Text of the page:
Buick Encore GX Research

The Car Connection Buick Encore GX Overview


The Buick Encore is the smallest crossover SUV available from the automaker. In the past, it's been two different vehicles: the older Encore was introduced in 2013, while the newer Encore GX, a slightly larger and more refined car, arrived in 2020. The older Encore went away after 2022.

The Encore GX tackles rivals from the Audi Q3, to vehicles such as the Mazda CX-30, Hyundai Kona, and the Kia Seltos.

MORE: Read our 2023 Buick Encore GX review

The newer Encore GX takes the same tack as the original Encore, but fluffs and refines it in nearly every direction. The body wears more crests and curves, better details, and slim LED headlights. Inside, it's a far richer experience, with some top-end versions dressed in metallic trim and upholstered dash panels.

The Encore GX adopts a pair of turbo-3 engines. A 137-hp 1.2-liter turbo-3 comes standard, while all Encore GXs can be upgraded to a 155-hp 1.3-liter turbo-3. A CVT connects power to the front wheels in most versions; with all-wheel drive, Buick switches to a 9-speed automatic.

With a more controlled ride and stronger acceleration, the Encore GX makes for a better all-around vehicle, but interior space is where it's more useful in daily commuting. With room for four adults and up to 50.2 cubic feet of cargo space, it can flex interior room to suit the need.

The Encore GX outpoints the older Encore with standard automatic emergency braking, and options for blind-spot monitors, adaptive cruise control, and a surround-view camera system.

Priced from the mid-$20,000s, the Encore GX has standard power features, wireless Apple CarPlay and Android Auto compatibility, and options for Bose audio and a panoramic roof.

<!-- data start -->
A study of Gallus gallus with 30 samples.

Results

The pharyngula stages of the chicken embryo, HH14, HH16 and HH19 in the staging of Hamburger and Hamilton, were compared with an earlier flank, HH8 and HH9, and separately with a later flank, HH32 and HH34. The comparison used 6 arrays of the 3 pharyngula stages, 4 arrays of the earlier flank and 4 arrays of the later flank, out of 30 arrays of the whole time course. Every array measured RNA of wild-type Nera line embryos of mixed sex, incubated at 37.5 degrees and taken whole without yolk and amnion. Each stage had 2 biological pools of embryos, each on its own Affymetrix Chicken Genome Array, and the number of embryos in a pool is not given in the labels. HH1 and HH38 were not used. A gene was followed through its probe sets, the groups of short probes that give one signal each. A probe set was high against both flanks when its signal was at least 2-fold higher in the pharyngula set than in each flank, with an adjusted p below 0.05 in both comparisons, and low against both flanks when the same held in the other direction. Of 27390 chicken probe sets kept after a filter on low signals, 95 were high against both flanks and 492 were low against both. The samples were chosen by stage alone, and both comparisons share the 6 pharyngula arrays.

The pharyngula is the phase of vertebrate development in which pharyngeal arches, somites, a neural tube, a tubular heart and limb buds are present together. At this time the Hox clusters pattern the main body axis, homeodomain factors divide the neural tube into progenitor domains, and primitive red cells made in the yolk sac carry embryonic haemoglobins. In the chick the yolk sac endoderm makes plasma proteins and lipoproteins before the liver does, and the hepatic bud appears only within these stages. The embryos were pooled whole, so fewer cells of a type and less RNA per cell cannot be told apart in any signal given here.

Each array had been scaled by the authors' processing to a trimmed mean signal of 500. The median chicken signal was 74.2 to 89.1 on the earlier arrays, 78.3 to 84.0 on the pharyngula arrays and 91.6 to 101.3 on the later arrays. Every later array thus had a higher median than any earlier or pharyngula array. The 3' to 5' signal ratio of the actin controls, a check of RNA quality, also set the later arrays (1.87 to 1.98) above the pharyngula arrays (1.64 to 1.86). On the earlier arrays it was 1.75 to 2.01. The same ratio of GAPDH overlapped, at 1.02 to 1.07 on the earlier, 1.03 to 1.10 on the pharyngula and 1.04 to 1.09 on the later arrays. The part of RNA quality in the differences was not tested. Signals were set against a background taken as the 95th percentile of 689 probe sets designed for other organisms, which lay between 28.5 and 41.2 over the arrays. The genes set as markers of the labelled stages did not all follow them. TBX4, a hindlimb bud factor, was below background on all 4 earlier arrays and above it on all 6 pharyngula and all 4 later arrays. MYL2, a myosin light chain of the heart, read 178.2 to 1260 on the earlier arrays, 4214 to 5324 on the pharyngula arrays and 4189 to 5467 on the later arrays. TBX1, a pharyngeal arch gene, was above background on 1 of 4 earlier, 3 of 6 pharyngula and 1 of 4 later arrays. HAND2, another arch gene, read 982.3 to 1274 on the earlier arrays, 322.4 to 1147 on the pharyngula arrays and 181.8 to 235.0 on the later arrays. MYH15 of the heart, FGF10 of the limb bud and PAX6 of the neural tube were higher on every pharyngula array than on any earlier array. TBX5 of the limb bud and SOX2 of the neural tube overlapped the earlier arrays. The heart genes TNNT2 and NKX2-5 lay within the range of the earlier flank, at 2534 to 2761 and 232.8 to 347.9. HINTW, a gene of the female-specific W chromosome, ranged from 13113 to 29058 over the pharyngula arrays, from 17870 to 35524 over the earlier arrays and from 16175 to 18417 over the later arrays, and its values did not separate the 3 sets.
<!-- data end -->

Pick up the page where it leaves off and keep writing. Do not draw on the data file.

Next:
The Buick Encore

Back in 2013, Buick aimed the original Encore at urban families.

At just 168.4 inches long, with a wheelbase of 100.6 inches, the Encore has a footprint a little larger than those of subcompact cars like the Chevy Sonic and Honda Fit, but it is considerably taller. 

The Encore seats four adults comfortably, while the back seat can accommodate three across if those folks are all smaller or willing to get cozy. It has 48.4 cubic feet of cargo space behind the front seats, or 18.8 cubic feet behind the rear seats.

The Encore is powered by the same 1.4-liter turbo-4 that's available in Chevy's Cruze and Sonic, as well as the Trax crossover. It puts out 138 horsepower and 148 pound-feet of torque. With a 6-speed automatic directing power, the Encore gets up to 30 mpg on the highway. With its cushy suspension, the Encore crossover is not terribly sporty, instead focusing on decent fuel economy. 

The Encore netted top "Good" ratings in all of the IIHS tests. In federal testing, the small Buick earned a five-star overall rating for both front- and all-wheel drive versions.

The Encore was mostly unchanged through 2015, with the exception of OnStar's new 4G LTE data connection being made available. For 2016, Buick added an Encore Sport Touring with an uprated engine, a rear spoiler, its own 18-inch wheels, and engine stop/start.

A 2017 update added a new winglike grille flanked by available LED headlights. A new dash pared down on its button count, as the Encore adopted a new infotainment system with an 8.0-inch touchscreen, Apple CarPlay and Android Auto. 

After that modest update in 2017, the 2018 Encore was essentially left alone aside from a newly optional air ionizer and a capless fuel filling system. Buick cut trim levels and left only the 1.4-liter 4-cylinder in the lineup through 2022.